Hawaii Governor David Ige announced Wednesday that state employees might have to take pay cuts.
“Let me be very frank with you, due to this crisis, the main sources of state revenue have been drastically reduced,” he said. “State government needs to look very different going forward.”
The Democratic governor said he has had ongoing discussions with union representatives and state legislators, but no decision has been made yet.
According to West Hawaii Today, Ige met with six unions to discuss 20 percent pay cuts for public employees — first responders would only see a ten percent pay decrease. The governor and his cabinet would also take pay cuts.
Currently, Hawaii is facing a “$1.5 billion shortfall over the next 15 months” as a result of the tourist and restaurant industries losing money, the Hawaiian newspaper reported.
State Senate President Ron Kouchi (D-Kauai, Niihau) and House Speaker Scott Saiki (D-McCully, Kakaako, Downtown) issued a statement reacting to the public employee pay cut proposal.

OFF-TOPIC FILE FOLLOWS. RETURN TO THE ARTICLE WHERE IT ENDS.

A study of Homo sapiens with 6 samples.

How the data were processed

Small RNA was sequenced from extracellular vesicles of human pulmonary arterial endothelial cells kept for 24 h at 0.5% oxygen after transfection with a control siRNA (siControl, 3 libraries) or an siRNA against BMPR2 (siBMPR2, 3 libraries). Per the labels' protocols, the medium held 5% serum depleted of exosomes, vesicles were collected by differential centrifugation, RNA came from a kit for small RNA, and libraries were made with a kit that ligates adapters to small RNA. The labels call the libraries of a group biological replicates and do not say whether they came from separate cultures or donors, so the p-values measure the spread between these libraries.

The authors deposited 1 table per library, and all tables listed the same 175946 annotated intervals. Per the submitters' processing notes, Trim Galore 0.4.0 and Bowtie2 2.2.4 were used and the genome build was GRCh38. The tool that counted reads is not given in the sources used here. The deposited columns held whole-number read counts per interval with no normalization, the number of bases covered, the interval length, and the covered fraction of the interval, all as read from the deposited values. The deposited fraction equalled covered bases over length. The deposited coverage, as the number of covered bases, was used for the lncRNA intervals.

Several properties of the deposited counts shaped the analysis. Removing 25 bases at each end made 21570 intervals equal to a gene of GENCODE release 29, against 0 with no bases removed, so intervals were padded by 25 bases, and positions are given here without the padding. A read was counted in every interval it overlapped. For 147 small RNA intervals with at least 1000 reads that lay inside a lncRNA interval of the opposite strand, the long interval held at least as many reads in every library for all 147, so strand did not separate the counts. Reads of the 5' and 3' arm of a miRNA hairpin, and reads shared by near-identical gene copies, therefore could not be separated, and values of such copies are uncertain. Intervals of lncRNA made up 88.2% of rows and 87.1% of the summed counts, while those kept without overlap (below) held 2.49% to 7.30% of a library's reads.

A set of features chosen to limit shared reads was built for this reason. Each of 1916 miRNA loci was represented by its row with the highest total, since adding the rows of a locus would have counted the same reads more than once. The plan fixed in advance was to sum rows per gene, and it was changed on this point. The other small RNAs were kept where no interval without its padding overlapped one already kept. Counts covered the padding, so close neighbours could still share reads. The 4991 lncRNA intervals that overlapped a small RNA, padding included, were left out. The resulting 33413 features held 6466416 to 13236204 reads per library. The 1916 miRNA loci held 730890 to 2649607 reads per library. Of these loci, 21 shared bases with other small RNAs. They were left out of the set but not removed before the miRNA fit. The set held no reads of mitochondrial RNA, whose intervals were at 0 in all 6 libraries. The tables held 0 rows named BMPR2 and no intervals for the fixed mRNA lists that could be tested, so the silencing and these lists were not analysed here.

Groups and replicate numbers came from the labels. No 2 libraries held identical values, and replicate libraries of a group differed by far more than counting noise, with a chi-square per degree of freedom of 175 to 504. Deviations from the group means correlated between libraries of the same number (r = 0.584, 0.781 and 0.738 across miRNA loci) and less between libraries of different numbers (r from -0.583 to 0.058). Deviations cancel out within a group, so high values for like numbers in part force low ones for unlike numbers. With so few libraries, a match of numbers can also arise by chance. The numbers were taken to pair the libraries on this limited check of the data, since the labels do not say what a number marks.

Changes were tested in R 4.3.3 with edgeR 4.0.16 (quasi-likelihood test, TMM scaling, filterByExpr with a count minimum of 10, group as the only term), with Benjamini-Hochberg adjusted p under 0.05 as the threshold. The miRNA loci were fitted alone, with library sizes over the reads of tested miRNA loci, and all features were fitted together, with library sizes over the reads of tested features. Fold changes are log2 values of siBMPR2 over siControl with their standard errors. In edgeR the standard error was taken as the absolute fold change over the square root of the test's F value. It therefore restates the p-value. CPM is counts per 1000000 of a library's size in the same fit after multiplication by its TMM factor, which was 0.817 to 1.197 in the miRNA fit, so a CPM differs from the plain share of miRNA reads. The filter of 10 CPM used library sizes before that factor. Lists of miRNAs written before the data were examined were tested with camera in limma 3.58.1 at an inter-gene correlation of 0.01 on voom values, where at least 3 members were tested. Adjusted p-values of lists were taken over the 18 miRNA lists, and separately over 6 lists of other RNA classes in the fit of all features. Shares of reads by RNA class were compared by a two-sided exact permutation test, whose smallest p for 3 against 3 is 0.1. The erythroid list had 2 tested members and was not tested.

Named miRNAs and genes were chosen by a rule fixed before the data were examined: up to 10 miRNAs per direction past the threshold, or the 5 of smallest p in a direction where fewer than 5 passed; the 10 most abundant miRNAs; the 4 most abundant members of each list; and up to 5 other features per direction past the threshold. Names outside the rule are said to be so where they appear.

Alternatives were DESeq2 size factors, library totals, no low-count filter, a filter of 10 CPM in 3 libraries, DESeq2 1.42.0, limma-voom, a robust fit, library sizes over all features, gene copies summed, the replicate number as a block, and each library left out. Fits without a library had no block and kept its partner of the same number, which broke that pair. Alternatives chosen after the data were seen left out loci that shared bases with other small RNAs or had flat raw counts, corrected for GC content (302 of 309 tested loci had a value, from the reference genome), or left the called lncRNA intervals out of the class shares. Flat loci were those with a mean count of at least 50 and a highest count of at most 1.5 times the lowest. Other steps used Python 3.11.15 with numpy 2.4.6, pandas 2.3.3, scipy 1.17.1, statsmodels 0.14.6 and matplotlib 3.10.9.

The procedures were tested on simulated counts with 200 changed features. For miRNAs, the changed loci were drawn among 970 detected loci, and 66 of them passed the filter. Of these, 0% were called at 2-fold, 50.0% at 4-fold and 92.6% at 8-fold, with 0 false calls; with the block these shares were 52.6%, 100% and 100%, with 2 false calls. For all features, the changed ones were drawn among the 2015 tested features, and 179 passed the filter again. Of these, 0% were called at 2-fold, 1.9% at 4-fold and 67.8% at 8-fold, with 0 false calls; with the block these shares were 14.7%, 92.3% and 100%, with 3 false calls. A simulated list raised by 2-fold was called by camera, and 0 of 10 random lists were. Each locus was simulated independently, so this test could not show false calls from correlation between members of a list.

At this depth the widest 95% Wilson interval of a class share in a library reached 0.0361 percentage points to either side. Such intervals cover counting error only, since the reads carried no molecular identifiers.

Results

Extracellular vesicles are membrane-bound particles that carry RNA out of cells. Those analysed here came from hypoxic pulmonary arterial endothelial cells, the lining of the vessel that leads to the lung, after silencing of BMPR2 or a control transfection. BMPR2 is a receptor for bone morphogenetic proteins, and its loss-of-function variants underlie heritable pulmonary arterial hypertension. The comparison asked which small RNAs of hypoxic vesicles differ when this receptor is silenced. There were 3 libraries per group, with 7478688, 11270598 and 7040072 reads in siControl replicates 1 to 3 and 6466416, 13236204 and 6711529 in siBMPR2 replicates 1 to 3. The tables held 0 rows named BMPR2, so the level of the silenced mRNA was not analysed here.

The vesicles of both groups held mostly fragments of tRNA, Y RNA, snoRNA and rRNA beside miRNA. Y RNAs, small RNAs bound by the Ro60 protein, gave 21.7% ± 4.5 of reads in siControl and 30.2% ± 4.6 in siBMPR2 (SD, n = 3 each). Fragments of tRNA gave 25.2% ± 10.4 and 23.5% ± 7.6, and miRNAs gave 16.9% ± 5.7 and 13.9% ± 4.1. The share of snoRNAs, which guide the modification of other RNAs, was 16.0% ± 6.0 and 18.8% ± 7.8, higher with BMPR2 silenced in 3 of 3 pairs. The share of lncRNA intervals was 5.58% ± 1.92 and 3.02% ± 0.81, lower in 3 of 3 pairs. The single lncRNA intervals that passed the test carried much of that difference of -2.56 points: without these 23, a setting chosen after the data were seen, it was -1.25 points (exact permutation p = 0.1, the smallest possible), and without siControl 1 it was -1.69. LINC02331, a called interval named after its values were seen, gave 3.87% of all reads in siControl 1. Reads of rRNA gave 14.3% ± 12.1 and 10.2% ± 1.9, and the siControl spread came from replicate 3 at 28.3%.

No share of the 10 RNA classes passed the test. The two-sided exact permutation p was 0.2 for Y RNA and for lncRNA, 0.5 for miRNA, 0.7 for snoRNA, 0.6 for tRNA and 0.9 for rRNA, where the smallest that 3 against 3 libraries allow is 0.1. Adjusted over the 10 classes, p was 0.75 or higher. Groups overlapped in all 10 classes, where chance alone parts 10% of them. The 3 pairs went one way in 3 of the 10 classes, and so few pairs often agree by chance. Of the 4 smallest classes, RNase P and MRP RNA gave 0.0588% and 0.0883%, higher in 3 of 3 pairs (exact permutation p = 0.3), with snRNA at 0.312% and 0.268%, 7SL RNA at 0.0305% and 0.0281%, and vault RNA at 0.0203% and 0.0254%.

“Although Governor Ige has the unilateral authority to impose furloughs and salary cuts, we do not agree with such action. We urge the Governor to obtain better data and analysis before he makes this decision,” the Hawaiian politicians said, according to the Hawaii State Teachers Association (HSTA) press release.
“We also urge him to act on all alternatives, just as the National Governors Association did when it called on Congress four days ago to provide an additional $500 billion to the 50 states to stabilize state budgets due to tax revenue shortfalls.”
Also reacting to the news, HSTA held a virtual press conference Wednesday to talk about the 20 percent pay cut. These potential pay cuts could start on May 1 if implemented, according to the HSTA press release.
“Hawaii already has a shortage of over 1,000 teachers. If we cut teachers’ salaries, that will force teachers to retire and our brand-new teachers to leave,” HSTA President Corey Rosenlee said.
“The state already has over a billion dollars in its cash surplus and its rainy day fund. Governor, it’s raining,” Rosenlee added. “There may be a time when we have to look at budget cuts, and teachers are willing to work with you, but a rash decision can have devastating results.”
The average salary of a teacher is $65,000, according to West Hawaii Today.